After a horrific war in 1918, the bodies were buried. Not long after, covering the graves of fallen soldiers, were blood-red flowers.
The appearance of these flowers wasn’t an accident. During the war the soils of northern France became rich in lime, from all of the remains buried there. After the war had finally ended, the lime gave the poppies a chance to thrive.
For Canadians, a poppy is not only a significant way to remember fallen heroes. It’s also a way to give back to the families and veterans who have paid the true price of war.
“It really helps to memorialize the true impact of the war,” said Gabrielle Pyska, whose great grandfather served in Poland in the Second World War. “My great grandma had eight children that she was taking care of by herself, while he was in the middle of the war.”
The government of Canada’s Veterans Affairs website states that in 1920, Anna Guérin, after being inspired by Moina Michael’s pledge to wear a poppy in remembrance of the fallen soldiers in 1918, had the idea of making artificial poppies and selling them. This idea was to raise money for the benefit of orphaned children and others who suffered as a result of the war.
“You’re not living in a war, you’re living somewhere peaceful and happy,” Pyska said. “A lot of people gave their lives for that.”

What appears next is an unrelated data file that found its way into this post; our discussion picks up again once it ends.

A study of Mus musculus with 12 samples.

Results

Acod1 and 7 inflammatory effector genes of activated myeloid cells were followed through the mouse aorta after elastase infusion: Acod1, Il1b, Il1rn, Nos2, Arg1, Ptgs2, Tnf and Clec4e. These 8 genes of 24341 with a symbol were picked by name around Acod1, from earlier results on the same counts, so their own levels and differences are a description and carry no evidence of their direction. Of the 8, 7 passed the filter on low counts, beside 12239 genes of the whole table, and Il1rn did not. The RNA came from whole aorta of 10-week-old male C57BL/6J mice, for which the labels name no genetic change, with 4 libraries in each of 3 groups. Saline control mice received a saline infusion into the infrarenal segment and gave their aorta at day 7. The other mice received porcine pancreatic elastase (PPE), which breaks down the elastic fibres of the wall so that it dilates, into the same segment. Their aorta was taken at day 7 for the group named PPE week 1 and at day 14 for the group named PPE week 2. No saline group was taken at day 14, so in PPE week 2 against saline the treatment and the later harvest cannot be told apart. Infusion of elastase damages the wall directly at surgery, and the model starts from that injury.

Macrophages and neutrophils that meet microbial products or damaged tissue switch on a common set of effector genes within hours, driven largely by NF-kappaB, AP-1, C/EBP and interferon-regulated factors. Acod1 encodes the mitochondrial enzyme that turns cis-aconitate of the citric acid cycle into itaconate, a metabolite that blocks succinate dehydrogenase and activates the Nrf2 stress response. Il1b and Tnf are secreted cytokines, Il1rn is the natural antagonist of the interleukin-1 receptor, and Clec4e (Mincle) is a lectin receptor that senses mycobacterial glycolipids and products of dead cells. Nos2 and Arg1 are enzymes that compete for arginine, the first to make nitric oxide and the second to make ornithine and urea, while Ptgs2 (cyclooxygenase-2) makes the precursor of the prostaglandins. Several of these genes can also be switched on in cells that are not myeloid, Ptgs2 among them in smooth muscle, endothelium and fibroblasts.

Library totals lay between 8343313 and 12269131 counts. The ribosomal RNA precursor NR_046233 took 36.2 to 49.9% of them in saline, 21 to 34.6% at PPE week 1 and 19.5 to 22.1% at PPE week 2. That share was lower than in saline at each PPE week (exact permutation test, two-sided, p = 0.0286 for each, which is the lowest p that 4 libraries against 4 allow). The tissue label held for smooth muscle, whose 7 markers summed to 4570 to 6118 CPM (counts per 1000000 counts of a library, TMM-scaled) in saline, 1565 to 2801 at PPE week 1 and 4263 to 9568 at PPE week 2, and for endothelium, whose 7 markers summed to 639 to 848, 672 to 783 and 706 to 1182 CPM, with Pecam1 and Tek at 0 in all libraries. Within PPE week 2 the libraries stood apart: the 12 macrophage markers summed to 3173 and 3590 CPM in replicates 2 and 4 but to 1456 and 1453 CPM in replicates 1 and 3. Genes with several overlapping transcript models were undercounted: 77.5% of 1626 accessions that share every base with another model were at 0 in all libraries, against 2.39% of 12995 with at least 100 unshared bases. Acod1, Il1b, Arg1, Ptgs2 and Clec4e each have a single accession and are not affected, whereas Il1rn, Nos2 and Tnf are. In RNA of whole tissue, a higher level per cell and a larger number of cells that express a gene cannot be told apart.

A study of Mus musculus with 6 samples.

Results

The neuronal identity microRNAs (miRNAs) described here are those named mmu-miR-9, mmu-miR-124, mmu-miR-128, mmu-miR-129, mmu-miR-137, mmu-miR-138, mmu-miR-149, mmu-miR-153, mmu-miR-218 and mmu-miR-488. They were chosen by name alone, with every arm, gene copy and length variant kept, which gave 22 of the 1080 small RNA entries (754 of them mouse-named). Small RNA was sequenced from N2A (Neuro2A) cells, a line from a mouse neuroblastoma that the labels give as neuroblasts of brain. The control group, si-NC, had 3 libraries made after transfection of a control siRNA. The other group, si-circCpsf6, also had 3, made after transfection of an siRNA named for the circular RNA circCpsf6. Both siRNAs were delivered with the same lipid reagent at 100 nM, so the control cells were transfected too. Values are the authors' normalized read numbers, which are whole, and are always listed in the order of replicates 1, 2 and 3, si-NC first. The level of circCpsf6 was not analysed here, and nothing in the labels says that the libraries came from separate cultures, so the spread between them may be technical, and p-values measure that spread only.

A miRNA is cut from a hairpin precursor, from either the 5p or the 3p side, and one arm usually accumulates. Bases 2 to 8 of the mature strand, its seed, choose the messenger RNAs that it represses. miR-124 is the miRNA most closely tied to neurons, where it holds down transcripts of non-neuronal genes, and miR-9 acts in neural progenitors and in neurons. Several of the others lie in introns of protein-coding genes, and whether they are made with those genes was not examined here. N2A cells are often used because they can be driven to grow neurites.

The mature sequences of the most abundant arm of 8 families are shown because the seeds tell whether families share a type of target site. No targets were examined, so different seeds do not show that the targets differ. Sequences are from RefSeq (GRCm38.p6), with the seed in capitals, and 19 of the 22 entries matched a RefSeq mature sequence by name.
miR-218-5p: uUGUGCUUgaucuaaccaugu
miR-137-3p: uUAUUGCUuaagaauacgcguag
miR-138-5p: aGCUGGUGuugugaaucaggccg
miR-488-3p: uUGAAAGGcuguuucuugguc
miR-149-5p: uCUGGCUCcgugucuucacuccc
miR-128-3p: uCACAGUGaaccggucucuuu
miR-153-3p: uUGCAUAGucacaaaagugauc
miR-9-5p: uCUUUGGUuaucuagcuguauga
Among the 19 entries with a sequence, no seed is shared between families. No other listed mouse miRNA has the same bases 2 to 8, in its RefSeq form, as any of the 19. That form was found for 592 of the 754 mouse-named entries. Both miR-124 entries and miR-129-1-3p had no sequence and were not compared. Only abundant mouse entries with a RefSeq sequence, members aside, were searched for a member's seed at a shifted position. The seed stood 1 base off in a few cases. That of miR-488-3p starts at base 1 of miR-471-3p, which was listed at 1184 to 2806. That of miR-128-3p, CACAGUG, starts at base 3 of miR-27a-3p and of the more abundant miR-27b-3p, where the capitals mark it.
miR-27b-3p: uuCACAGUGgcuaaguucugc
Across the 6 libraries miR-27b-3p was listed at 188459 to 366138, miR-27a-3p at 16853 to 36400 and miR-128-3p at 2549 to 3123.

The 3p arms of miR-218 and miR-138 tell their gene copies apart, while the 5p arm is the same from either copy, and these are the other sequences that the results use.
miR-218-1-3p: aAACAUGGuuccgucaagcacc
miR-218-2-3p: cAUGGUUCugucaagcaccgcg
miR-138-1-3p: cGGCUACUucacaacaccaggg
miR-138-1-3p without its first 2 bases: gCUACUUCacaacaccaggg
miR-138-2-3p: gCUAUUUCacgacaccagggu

Nov. 11, 1918, marks the end of hostilities in World War I, though the war was not officially concluded until the Treaty of Versailles was signed in June, 1919. Now, Nov. 11, is a day used to remember those that fought for Canada.
Zachary Poole, who grew up hearing stories about family members who served, said he tries to attend a Remembrance Day ceremony every year.
“I think that it’s a helpful method of grieving those that we’ve lost,” he said.
“I don’t think it should be the only day that they are remembered, but a day of public grieving just sort of helps.”
A field of crosses was first set up along Memorial Drive in Calgary in 2010. According to the event website, the Field of Crosses mission is to assure that present and future generations never forget the men and women who “gave their tomorrows for our today.”
“I think the argument of ‘wearing a poppy isn’t a lot to ask’ is relevant,” added Poole. “There are a lot of sacrifices that were made for Canada.”
Anne Hodgson, a local teacher in Calgary, was fortunate enough to attend a field trip with her school, to Bény-sur-Mer, the Canadian war cemetery in France.
Hodgson and all of the others on the trip were each assigned a solider to research and find in the cemetery before they went. She was given John Robinson.
“Two years ago, I found his cross, I rushed home and printed a photo of his actual grave and hung it on his cross (in Calgary),” Hodgson said. “They laminated the photo and hung it on his cross.”
For many, the Field of Crosses is an excellent way to put into perspective the events of the wars and the sacrifices that Canadian men and women made to give us today. The Field of Crosses will be available to see from Nov. 1-11, on Memorial Drive N.W., just west of the Centre Street Bridge. Donations can be made at the Field of Crosses website.
“I feel like every year more people skip over Remembrance Day and go straight to Christmas,” added Pyska. “We can’t live our lives in a way where we avoid the hurt and sadness of our history.”